Hamilton Blows Us All Away


Hamilton returns to Boston. (Photo Credit: Ed Siegel @ WBUR)

In the beginning of 2023, the widely acclaimed and award-winning musical Hamilton was brought to Boston, a historically rich city and the birthplace of the American Revolutionary War.

Hamilton was performed at the Citizens Bank Opera House for two months, opening on January 17 and running until March 12, with tickets selling out quickly. The musical is about 2 hours and 45 minutes long and is split into two acts, with an intermission in between. The first act describes events in the Revolutionary War, while the second act portrays the early founding years of the United States.

Watching Hamilton at the Opera House in Boston seems fitting to the plot of the musical. A significant part of the Revolutionary War took place in New England, with events such as the Boston Tea Party and Boston Massacre marking the start of the rebellion.

Georgia Ryan (II), who was able to watch the musical live, describes the experience: “Seeing and hearing the ensemble in person, with all of the mass group dances and harmonies, was truly breathtaking.”

Drawing inspiration from Ron Chernow’s 2004 biography Alexander Hamilton, Lin-Manuel Miranda started composing music and lyrics for the musical in 2008 and completed it in 2015.

Alexander Hamilton, the leading character of the play, became the first Secretary of the Treasury for the U.S. after the revolution. The musical describes Hamilton’s hardships of growing up as an orphan and struggling to get an education, while also detailing his personal relationships and journey towards becoming an American founding father.

A large part of the contemporary significance of Hamilton comes from its cast’s diversity. Both the casts in the original Broadway production and the Boston production feature people of various ethnicities and backgrounds who play white figures. In doing so, the musical recognizes the people of color who have gone unrecognized in their contributions to the U.S. and more accurately represents the U.S. population today.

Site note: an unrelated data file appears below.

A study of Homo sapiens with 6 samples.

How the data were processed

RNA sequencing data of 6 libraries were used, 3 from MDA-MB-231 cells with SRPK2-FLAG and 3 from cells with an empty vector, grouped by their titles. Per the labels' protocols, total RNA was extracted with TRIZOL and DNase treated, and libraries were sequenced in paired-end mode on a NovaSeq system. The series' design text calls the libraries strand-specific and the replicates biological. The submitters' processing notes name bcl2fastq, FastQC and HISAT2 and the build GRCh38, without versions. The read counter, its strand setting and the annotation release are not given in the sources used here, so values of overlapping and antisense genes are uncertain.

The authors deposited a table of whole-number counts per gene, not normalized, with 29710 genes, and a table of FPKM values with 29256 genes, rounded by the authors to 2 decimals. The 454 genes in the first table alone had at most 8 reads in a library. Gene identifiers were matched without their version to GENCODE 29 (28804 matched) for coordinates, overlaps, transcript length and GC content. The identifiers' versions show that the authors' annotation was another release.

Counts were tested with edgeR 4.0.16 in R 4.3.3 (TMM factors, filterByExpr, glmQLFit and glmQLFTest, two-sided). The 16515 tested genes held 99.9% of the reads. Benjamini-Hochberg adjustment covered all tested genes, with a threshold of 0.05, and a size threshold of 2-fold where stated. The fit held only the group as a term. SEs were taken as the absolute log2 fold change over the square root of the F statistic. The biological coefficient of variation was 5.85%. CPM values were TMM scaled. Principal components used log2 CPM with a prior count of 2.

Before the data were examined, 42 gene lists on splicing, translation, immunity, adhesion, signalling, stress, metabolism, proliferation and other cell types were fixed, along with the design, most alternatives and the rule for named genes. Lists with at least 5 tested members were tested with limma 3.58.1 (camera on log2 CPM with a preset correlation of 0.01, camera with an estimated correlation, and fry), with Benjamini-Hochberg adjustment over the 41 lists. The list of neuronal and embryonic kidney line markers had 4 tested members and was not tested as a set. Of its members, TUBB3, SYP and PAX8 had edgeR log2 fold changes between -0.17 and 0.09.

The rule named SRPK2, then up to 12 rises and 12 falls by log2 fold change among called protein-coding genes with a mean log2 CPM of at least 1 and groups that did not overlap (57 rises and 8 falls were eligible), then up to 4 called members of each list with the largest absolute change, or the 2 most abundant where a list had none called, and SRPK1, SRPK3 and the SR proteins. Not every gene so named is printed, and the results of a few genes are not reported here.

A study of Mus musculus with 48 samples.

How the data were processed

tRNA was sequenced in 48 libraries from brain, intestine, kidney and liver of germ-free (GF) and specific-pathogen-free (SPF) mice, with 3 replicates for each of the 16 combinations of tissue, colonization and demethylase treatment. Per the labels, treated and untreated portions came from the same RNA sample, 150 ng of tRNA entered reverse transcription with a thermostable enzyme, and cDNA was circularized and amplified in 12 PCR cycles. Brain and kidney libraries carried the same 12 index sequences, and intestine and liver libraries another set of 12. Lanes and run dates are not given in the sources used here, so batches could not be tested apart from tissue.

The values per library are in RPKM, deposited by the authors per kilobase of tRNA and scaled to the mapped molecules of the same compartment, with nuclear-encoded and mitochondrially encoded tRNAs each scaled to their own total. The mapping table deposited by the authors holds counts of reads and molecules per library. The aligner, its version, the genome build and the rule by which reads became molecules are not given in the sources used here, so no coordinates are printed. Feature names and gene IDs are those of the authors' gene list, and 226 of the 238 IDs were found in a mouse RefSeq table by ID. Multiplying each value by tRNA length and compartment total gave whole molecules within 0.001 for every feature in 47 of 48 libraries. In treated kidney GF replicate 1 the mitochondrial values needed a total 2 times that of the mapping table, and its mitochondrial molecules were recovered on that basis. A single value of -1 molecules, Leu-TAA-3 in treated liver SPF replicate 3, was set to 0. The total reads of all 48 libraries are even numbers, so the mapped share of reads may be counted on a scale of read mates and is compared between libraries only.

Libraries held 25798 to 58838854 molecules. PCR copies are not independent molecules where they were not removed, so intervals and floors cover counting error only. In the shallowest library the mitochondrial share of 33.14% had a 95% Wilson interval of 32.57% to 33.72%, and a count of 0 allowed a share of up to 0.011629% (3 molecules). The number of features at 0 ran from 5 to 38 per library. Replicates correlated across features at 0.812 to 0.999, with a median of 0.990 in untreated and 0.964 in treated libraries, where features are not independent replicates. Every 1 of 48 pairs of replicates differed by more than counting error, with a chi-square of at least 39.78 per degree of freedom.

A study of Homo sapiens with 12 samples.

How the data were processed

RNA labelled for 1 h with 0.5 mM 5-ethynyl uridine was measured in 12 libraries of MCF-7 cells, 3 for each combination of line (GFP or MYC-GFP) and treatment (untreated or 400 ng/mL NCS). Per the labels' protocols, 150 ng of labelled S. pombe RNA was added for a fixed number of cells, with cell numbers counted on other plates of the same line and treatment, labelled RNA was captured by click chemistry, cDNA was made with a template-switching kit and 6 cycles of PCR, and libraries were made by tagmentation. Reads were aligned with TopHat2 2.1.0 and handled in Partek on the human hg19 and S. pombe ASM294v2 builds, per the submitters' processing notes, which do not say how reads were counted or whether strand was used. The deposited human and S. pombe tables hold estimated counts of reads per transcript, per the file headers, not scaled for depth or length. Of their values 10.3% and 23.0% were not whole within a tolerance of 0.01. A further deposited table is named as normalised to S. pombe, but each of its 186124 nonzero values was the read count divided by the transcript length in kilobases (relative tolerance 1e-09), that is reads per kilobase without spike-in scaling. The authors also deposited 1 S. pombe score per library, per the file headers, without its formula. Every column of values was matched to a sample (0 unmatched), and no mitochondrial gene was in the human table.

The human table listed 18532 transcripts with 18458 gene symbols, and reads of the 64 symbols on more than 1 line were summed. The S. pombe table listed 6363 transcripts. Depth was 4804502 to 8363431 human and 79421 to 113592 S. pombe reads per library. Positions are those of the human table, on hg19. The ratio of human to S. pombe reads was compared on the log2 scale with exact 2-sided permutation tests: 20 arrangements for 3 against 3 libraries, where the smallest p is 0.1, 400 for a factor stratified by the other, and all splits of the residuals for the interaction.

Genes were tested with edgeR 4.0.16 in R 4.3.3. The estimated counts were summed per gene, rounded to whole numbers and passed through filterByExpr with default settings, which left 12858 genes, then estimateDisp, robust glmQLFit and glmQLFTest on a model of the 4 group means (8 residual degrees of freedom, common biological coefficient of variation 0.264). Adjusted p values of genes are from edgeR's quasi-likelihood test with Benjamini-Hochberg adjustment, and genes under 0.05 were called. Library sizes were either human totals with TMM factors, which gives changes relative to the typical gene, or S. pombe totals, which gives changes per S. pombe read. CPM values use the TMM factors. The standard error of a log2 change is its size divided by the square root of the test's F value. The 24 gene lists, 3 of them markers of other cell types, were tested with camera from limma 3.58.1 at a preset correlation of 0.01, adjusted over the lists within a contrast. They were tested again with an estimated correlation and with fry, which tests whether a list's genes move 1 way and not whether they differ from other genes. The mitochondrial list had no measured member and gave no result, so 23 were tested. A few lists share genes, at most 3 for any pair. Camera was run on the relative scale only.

A remarkable part of this story is the musical twist, which features rap music, in addition to songs with jazz and R&B influences. Famous figures of the founding period include Hamilton, his nemesis Aaron Burr and Thomas Jefferson, former presidents James Madison and George Washington, who appear and rap in the show.

The rap music provides a fast-paced environment, enhancing the revolutionary plot.

Ryan expresses, “My absolute favorite song I saw live was ‘Non-Stop.’ I think it’s genius that one song can have so many references to past songs layered on top of each other and still sound amazing.”

These collections of songs feature humorous and catchy lyrics, which explains the attractiveness of videos pertaining to the musical. Hamilton’s TikTok account has gathered 1.9 million followers and 48.7 million likes. Thousands of users around the world continue to use songs from the musical in their own videos, proving that Hamilton’s popularity continues today.

The original Broadway show received a Grammy and 11 Tonys, including Best Musical, among other notable awards. In November 2016, the show made 3.3 million dollars in a week of eight performances, exceeding the previous record for the most money grossed in a single week on Broadway.

After watching Hamilton both on Disney+ and live in Boston, Cleo Barowsky (V) notes, “It’s also really emotional and is really entertaining and moving throughout!”

The play shows the audience a different lens of the revolution, focusing on the personal hardships that Hamilton faced in his complicated relationships with his wife and the devastating death of his son.

Boston Latin School history teacher Mr. Andy Zou comments, “In many ways when we learn about the politicians and historical figures, we really only see their accomplishments and achievements or their failures, and really, they become characterized [in the play].” Hamilton creatively blends history with an emotional storyline and catchy music to produce a musical that has impressed millions.